This question was posted on mathoverflow (here) without too much success.

I'm hoping to read the famous Kapustin-Witten Paper "Electric-magnetic duality and the geometric Langlands program" and the related "The Yang-Mills equations over Riemann surfaces".

The following statement serves to explain the origin of my trouble: Let $G$ be a simple complex Lie group and $C$ a Riemann surface. Geometric Langlands is a set of mathematical ideas relating the category of coherent sheaves over the moduli stack of flat $G^{L}$-bundles ($G^{L}$ is the dual Langlands group of $G$) over $C$ with the category of $\mathcal{D}$-modules on the moduli stack of holomorphic $G$-bundles over $C$.

My problem: I have working knowledge of representation theory, but I'm completely ignorant about the theory of mathematical stacks and the possible strategies to begin to learn it. What specifically worries me is how much previous knowledge of $2$-categories is needed to begin.

My background: I've read Hartshorne's book on algebraic geometry in great detail, specifically the chapters on varieties, schemes, sheaf cohomology and curves. My category theory and homological algebra knowledge is exactly that needed to read and solve the problems of the aforementioned book. I'm also familiar with the identification between the topological string $B$-model branes and sheaves at the level of Sharpe's lectures.

Questions: I'm asking for your kind help to find references to initiate me on the theory of stacks given my physics orientation. What would be a good introductory reference on stacks for a string theory student? Is there any physics friendly roadmap to begin? Any familiar gauge/string theoretical analogies to start to develop intuition?

Any suggestion will be extremely helpful to me.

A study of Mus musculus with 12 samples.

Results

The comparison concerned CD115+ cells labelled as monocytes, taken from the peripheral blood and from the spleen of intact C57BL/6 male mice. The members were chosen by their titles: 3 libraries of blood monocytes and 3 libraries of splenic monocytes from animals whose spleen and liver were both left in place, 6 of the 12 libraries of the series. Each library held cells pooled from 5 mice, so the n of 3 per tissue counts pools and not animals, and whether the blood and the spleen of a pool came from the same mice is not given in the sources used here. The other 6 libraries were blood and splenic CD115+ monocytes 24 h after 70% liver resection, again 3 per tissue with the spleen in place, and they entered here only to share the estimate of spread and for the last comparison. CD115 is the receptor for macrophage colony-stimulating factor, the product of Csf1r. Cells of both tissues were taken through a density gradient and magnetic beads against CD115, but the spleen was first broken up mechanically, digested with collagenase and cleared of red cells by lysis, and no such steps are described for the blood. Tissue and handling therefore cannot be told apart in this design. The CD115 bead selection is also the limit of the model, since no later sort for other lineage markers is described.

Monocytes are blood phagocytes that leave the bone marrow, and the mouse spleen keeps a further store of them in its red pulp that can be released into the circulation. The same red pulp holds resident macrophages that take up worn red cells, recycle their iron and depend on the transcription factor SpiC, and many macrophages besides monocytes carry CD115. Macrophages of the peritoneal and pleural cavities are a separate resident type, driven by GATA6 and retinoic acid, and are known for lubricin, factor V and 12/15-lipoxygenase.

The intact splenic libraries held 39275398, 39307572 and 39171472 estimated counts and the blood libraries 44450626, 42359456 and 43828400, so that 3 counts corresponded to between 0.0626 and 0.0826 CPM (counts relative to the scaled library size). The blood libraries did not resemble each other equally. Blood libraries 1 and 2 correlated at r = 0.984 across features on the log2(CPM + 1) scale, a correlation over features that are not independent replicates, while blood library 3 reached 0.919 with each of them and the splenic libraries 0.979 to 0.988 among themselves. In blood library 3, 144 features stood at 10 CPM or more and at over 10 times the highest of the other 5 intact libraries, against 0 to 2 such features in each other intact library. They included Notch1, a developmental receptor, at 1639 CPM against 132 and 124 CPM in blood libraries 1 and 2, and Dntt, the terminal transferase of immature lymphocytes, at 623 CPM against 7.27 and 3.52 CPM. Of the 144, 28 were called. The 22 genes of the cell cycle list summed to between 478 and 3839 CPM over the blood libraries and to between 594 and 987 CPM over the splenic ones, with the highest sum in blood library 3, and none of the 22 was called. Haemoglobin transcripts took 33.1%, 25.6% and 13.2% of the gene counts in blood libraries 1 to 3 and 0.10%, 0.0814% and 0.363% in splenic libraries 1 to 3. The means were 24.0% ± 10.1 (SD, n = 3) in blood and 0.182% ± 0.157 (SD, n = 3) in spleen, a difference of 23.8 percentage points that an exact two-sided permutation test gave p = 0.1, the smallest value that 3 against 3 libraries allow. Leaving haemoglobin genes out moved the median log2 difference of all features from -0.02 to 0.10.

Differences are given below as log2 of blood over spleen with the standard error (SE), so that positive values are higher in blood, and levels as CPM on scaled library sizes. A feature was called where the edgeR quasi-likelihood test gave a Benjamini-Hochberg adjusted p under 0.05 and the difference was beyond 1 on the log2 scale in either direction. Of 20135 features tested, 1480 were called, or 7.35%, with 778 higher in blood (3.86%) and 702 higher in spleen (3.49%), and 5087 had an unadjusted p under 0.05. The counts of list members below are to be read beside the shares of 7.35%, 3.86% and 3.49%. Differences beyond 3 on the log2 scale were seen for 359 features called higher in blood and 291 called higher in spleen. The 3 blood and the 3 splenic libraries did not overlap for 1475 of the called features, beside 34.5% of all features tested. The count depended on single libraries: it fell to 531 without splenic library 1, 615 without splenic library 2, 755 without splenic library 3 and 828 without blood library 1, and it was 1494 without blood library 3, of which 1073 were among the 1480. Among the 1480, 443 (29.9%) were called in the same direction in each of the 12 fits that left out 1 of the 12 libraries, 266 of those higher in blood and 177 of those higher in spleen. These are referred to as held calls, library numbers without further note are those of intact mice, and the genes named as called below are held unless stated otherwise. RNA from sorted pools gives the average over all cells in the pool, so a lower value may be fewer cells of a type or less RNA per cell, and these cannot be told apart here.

• $\begingroup$ sounds like a math question... $\endgroup$ Nov 8, 2020 at 1:46
  • 1
    $\begingroup$ I've had classes form Feynman, Thorne, Mandelstam, Gell-Mann, Zumino, Schwarz, Preskill...and I don't understand anything in this question. See ^^^zero^^^. $\endgroup$
    – JEB
    Nov 8, 2020 at 2:06
  • 4
    $\begingroup$ @ZeroTheHero I've admitted that definitely this question is about math. I just was wondering if a mathematical-physicists would have some recommendation to help a physics student to learn about this type of math that is relevant for papers written by physicists (Witten-Kapustin-Gukov) using physics (string theory and gauge theory). I'm sure my question is morally the same of that of a general relativity student hoping to learn more about differential geometry and is not out of place here. $\endgroup$ Nov 8, 2020 at 2:16
  • 2
    $\begingroup$ @JEB Sorry. I know this is specialized question; but I don't think is out of place here. Maybe someone with familiarity with the Witten's papers could help me to learn this is a physics friendly way. I really hope so. $\endgroup$ Nov 8, 2020 at 2:24
  • $\begingroup$ @RamiroHum-Sah If it's physics, someone might be able to help. I'm just saying, I don't know, and it's not for lack of exposure to physics. $\endgroup$
    – JEB
    Nov 8, 2020 at 2:34

1 Answer 1


For the "physics part" of my question: I have found the papers String Orbifolds and Quotient Stacks , D-branes, orbifolds, and Ext groups and Stacks and D-Brane Bundles very useful, readable and explicit. Apparently the best strategy to deal with stacks in the context of a non-linear sigma model is to think on the target space as locally an orbifold (exactly the way mathematicians divulge the idea of a stack).

For the "math part" of my question: Angelo Vistoli textbook, Notes on Grothendieck topologies, fibered categories and descent theory, arXiv:math/0412512 is really pedagogical and self-contained. The best reference I've found so far.


Your Answer

By clicking “Post Your Answer”, you agree to our terms of service and acknowledge you have read our privacy policy.